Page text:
Minnesota: America's Best State for Business
Minnesota's research technology, health-care, education and logistics assets helped made it No. 1
Home to 17 Fortune 500 companies, including such globally known powerhouses as 3M, General Mills, UnitedHealth Group, Target and U.S. Bancorp, Minnesota has a well-earned reputation as a corporate headquarters hub.
Kevin McKinnon, deputy commissioner of the Minnesota Department of Employment and Economic Development (DEED), says the fact that so many companies choose a Minnesota address is no accident.
“Access to viable infrastructure, a highly educated workforce, and a supply chain that offers interconnected services and products all add up to a strong competitive advantage,” McKinnon says.
Diving Into The Talent Pool
Minnesota recently ranked third in the nation for labor force participation (70.3 percent). Also, more than a third of adults over age 25 hold a bachelor’s degree or higher, ranking the state 11th nationwide in 2014. Minnesota’s eighth graders rank in the top 10 nationally in reading, math and science test scores. Minnesota’s educated workforce and high labor participation rate helped propel Minnesota to the No. 1 slot in CNBC’s America’s Top States for Business rankings in 2015.
“Continued investments in our education system have proven to be a competitive advantage for our state, as it supports a highly educated, productive and sought-after workforce,” McKinnon says. “For decades, Minnesota has made deliberate steps toward strengthening the state’s workforce, which allows us to offer companies a broad talent base with extensive experience.”
Companies like The Nerdery, a Minneapolis-based custom software design and development firm, are also investing in workforce development in innovative ways to ensure there are workers with the skills needed for the high-tech job market.
The firm partnered with several other companies to launch Prime Digital Academy, a hands-on school for software engineers and Web developers. “We’re reaching an age where nearly every company needs tech talent, to some degree,” says Mark Malmberg, communication director and co-president of The Nerdery. “So in that sense, every company is a tech company. We used to compete for talent only with other software companies – but now nearly everyone needs software engineers.”
Driving a Global Economy
Another reason Minnesota has managed to stay ahead of the economic curve, says McKinnon, is that health, food and water solutions are driving the global economy – and Minnesota is a leader in all three areas.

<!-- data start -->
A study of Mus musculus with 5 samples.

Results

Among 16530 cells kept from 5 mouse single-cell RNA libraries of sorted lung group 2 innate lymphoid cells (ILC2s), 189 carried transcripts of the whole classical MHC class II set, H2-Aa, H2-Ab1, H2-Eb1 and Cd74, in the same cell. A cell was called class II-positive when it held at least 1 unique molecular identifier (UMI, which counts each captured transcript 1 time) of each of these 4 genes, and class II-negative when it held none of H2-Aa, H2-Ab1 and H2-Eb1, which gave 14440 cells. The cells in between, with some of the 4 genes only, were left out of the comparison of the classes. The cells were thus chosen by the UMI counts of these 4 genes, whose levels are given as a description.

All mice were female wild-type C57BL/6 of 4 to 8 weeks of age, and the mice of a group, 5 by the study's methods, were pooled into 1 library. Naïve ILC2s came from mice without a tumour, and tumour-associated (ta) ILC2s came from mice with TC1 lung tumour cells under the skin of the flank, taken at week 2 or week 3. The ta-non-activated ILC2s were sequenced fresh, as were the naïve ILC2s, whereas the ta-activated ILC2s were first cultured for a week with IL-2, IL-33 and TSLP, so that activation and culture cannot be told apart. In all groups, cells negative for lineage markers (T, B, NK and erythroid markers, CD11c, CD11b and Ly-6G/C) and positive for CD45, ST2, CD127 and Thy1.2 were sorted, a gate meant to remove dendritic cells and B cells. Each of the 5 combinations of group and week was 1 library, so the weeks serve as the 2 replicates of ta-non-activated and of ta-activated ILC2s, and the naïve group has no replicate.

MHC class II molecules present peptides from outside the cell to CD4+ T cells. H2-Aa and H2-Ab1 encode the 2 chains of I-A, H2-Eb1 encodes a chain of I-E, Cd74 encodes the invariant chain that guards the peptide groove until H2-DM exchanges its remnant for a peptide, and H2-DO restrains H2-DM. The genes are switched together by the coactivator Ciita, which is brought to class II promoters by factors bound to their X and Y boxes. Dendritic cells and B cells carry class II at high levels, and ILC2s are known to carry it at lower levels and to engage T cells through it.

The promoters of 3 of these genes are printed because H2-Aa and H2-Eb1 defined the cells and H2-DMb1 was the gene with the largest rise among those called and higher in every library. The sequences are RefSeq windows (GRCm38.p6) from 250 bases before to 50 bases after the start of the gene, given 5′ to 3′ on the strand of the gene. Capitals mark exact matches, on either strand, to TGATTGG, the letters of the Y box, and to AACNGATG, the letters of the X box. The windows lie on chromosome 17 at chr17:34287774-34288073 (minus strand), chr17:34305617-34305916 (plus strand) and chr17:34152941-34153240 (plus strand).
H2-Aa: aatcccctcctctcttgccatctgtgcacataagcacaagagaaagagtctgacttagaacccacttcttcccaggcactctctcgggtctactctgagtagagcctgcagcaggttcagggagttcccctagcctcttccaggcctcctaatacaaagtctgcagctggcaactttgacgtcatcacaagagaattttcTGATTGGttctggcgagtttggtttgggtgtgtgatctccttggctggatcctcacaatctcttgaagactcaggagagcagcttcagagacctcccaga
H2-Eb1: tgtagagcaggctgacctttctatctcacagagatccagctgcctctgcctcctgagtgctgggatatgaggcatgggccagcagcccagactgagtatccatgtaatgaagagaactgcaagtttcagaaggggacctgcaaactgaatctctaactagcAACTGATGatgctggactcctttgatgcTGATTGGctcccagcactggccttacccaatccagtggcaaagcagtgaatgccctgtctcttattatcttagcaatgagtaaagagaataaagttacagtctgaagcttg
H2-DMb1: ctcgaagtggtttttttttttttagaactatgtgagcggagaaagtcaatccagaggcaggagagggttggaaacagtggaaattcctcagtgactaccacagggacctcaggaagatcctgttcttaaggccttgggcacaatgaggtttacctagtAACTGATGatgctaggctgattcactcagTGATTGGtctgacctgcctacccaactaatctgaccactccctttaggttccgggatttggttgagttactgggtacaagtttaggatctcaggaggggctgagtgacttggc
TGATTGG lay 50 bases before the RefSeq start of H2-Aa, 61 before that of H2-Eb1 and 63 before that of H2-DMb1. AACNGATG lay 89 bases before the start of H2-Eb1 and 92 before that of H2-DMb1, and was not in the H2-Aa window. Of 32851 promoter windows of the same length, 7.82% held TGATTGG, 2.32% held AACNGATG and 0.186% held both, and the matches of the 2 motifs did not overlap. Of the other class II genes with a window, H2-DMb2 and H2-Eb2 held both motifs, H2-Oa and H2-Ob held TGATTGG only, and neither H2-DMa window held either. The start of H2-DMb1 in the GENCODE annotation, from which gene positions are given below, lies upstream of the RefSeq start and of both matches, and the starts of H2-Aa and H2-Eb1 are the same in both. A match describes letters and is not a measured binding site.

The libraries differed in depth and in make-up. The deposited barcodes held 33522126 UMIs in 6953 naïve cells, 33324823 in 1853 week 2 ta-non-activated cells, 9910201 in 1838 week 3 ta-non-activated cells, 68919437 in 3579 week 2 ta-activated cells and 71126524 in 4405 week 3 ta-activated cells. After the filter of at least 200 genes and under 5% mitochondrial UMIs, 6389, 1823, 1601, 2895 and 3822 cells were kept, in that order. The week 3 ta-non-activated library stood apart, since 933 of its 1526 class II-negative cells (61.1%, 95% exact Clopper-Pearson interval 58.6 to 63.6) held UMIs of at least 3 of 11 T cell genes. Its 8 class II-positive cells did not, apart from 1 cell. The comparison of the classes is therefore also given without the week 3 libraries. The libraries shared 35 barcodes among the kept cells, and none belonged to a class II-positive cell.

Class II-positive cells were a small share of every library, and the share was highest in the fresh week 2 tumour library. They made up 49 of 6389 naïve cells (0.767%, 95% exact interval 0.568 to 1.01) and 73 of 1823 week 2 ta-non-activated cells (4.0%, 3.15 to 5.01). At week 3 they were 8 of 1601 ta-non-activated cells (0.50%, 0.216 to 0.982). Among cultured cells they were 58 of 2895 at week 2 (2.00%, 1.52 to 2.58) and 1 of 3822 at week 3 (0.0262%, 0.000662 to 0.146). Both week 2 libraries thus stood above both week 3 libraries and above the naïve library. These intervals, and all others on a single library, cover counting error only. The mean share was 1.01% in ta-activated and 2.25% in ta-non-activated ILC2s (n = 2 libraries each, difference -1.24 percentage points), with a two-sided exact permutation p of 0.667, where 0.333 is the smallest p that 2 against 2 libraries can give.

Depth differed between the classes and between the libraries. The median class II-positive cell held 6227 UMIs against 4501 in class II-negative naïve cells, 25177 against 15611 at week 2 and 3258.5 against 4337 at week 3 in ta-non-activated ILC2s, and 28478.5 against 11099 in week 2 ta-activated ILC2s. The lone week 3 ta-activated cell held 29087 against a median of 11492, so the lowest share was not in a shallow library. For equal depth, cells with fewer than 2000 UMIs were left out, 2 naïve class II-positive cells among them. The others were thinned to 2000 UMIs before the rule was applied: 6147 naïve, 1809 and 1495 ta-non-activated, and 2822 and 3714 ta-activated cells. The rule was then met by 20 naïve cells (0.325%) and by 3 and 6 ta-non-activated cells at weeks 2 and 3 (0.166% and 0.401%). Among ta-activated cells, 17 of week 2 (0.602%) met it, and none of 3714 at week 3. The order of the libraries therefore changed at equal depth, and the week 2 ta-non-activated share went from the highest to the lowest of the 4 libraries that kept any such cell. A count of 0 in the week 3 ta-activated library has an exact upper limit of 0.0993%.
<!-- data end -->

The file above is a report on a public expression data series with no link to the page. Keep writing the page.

“Minnesota has the unique position of being home to Mayo Clinic, a world-renowned hospital and medical research facility. Additionally, our health systems across the state, including the University of Minnesota, play a key role in defining new prevention methods, treatments and cures, making Minnesota a global destination for health-care services,” McKinnon says.
In response, London-based Smiths Medical, a global leader in the design, manufacture and distribution of medical devices, moved its North American headquarters to Plymouth, Minn., with plans to expand, and the Belgian company Celyad (formerly Cardio3 BioSciences) announced plans to open an 11,000-square-foot manufacturing plant in Rochester, Minn. – the company's first U.S. facility.
Minnesota is also on the leading edge of biotechnology. For example, Segetis, which began as a startup in Golden Valley, Minn., is a technology-enabled green chemistry company using forestry and agricultural biomass as feedstock to produce versatile chemical building blocks.
The company has committed to building a commercial renewable chemicals plant in Minnesota’s wood-rich Iron Range.
Quality of Place
Minnesota is a leader in water technology – in 2014, the state ranked eighth in the nation for foreign sales of water and wastewater treatment technology, as defined by the U.S. Department of Commerce.
But water also plays a key role in the state’s enviable quality of life. Minnesota ranked third in the nation for quality of life on CNBC’s 2015 America’s Top States for Business. The business network included parks and recreation, as well as environmental quality, in its criteria.
Minnesota, says McKinnon, is a state “that values arts, culture, and our lakes and forests. We know these aspects of our state are important not only for the retention of our population and talent base, but also very helpful when employers are recruiting to bring people to the state.”